His reputation could be in jeopardy – literally.
In a scathing message on Facebook, “Star Trek: The Next Generation” star Wil Wheaton blasted “Jeopardy!” host Ken Jennings for crossing the picket line during the Writer’s Guild of America strike, giving him a stark warning.
“This is a VERY small town, Ken Jennings, and we will all remember this,” Wheaton typed on the social media platform. “Your privilege may protect you right now, but we will *never* forget.”
He also included the hashtag “#WGAStrong” in the post.
The actor continued his thoughts in the comments section of the post, calling out those who were speaking negatively about unions.
“Hey y’all, if you’re here to s–t on unions, you can f–k right off. I’ve been a union man since I was a union boy, and I will be a union man until the day I die,” he typed.
“If you’re here to s–t on the workers of the world, or to make excuses for someone who is currently doing that, go f–k yourself and don’t come back.”
The Post reached out to reps for both Jennings and Wheaton for comment.
Last week, an insider confirmed to The Post that Mayim Bialik had exited the show during its final week of filming for Season 39 in support of the ongoing WGA strike.
In place of Bialik, Jennings took on hosting duties – a gig that Wheaton, and other writers, don’t seem to be too fond of, Newsweek reported.
Wheaton himself starred on “Celebrity Jeopardy!” last year.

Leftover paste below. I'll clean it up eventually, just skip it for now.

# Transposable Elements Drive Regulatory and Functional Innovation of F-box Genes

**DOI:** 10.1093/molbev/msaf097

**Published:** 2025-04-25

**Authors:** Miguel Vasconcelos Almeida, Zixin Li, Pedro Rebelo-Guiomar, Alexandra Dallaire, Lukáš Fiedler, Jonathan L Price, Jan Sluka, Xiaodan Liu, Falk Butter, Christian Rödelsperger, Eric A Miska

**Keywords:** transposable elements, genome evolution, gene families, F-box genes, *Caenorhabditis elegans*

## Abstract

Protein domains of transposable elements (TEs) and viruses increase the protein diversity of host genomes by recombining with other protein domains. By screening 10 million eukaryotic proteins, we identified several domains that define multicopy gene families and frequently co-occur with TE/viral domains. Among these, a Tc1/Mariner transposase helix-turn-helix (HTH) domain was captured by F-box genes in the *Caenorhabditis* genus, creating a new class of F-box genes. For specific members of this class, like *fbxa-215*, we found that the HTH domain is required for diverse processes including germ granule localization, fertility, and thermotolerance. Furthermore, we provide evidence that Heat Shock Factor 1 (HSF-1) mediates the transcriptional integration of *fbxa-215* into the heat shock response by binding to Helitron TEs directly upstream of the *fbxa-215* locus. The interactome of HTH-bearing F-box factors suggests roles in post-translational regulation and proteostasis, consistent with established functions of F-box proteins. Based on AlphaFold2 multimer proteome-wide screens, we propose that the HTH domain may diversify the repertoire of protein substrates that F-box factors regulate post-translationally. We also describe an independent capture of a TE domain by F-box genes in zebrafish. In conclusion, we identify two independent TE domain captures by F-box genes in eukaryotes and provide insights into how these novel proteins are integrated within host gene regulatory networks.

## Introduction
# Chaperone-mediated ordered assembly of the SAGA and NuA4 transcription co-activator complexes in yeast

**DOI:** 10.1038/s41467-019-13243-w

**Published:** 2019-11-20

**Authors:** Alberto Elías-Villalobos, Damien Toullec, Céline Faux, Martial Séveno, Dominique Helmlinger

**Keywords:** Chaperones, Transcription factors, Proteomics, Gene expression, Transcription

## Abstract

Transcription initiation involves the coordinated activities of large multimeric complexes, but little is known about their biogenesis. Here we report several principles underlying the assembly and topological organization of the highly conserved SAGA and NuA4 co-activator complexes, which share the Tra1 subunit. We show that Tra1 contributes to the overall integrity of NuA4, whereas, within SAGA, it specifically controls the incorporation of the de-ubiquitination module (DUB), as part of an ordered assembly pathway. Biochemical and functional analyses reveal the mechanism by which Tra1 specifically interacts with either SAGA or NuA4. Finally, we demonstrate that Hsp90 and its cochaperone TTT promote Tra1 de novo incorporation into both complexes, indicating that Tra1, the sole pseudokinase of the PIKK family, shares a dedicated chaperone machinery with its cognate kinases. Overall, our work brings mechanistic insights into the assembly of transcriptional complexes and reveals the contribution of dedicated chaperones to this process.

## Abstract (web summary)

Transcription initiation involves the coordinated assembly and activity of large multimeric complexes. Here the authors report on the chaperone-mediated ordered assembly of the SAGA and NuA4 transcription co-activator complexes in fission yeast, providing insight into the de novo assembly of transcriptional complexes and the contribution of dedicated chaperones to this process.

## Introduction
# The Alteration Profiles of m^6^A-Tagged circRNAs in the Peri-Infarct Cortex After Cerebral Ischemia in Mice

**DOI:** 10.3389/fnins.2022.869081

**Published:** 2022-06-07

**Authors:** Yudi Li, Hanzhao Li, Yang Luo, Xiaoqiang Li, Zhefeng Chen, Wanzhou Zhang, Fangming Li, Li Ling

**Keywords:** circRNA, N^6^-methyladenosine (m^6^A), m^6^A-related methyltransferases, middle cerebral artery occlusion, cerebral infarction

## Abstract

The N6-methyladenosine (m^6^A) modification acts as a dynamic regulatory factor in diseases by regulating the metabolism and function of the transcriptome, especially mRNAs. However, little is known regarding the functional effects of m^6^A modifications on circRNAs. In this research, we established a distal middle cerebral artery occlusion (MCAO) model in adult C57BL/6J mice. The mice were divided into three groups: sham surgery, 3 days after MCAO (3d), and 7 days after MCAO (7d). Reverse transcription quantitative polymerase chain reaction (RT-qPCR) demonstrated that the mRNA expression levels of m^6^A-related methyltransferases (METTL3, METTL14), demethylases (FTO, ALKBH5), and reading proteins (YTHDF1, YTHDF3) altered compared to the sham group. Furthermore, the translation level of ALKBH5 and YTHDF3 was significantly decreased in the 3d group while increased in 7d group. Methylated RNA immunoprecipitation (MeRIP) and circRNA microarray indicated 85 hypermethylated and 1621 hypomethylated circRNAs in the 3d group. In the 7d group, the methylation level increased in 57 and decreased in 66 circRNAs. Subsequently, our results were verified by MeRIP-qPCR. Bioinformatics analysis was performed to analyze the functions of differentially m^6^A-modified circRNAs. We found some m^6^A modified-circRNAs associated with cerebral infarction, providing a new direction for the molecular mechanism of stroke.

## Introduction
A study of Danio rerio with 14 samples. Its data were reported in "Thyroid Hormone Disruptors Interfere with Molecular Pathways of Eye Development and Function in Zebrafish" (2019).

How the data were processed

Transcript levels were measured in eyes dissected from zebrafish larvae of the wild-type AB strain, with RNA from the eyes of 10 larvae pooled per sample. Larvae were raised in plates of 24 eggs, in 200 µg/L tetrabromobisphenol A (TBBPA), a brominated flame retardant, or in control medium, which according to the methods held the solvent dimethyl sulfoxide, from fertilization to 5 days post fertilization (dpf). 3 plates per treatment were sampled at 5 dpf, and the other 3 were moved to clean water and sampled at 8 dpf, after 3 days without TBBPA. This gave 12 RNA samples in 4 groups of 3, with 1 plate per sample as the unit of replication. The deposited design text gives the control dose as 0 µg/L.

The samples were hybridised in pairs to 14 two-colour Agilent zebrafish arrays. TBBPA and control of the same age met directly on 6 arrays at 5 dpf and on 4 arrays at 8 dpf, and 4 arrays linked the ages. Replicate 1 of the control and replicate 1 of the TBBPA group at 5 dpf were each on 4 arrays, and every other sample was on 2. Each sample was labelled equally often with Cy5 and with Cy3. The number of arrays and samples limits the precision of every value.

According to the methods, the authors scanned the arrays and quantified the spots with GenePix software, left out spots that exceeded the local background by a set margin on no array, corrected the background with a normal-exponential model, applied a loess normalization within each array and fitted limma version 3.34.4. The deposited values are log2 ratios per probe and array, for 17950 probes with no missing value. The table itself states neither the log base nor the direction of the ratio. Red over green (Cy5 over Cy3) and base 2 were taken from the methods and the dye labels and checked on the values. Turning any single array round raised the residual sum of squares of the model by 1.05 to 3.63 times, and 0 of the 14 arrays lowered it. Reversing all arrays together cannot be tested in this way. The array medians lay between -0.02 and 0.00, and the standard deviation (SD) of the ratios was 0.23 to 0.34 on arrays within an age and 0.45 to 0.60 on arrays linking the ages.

On May 2, the WGA announced that its members would be going on strike in an effort to petition for higher wages, regulation surrounding artificial intelligence and a better pay structure that includes streaming services.
“The companies’ behavior has created a gig economy inside a union workforce, and their immovable stance in this negotiation has betrayed a commitment to further devaluing the profession of writing,” the WGA said in a statement, The Post reported.
“From their refusal to guarantee any level of weekly employment in episodic television, to the creation of a ‘day rate’ in comedy variety, to their stonewalling on free work for screenwriters and on AI for all writers, they have closed the door on their labor force and opened the door to writing as an entirely freelance profession,” the statement continued.
As a result, it has affected many television shows, shutting down production of this season’s “Saturday Night Live” and “The Late Show With Stephen Colbert.”
The organization is made up of an alliance of two labor unions that represent more than 11,000 writers in the entertainment and media industry, according to “Today.”
The last writer’s strike occurred from November 2007 to February 2008.
In 2017, a three-year deal was reached between writers and producers to avoid a strike.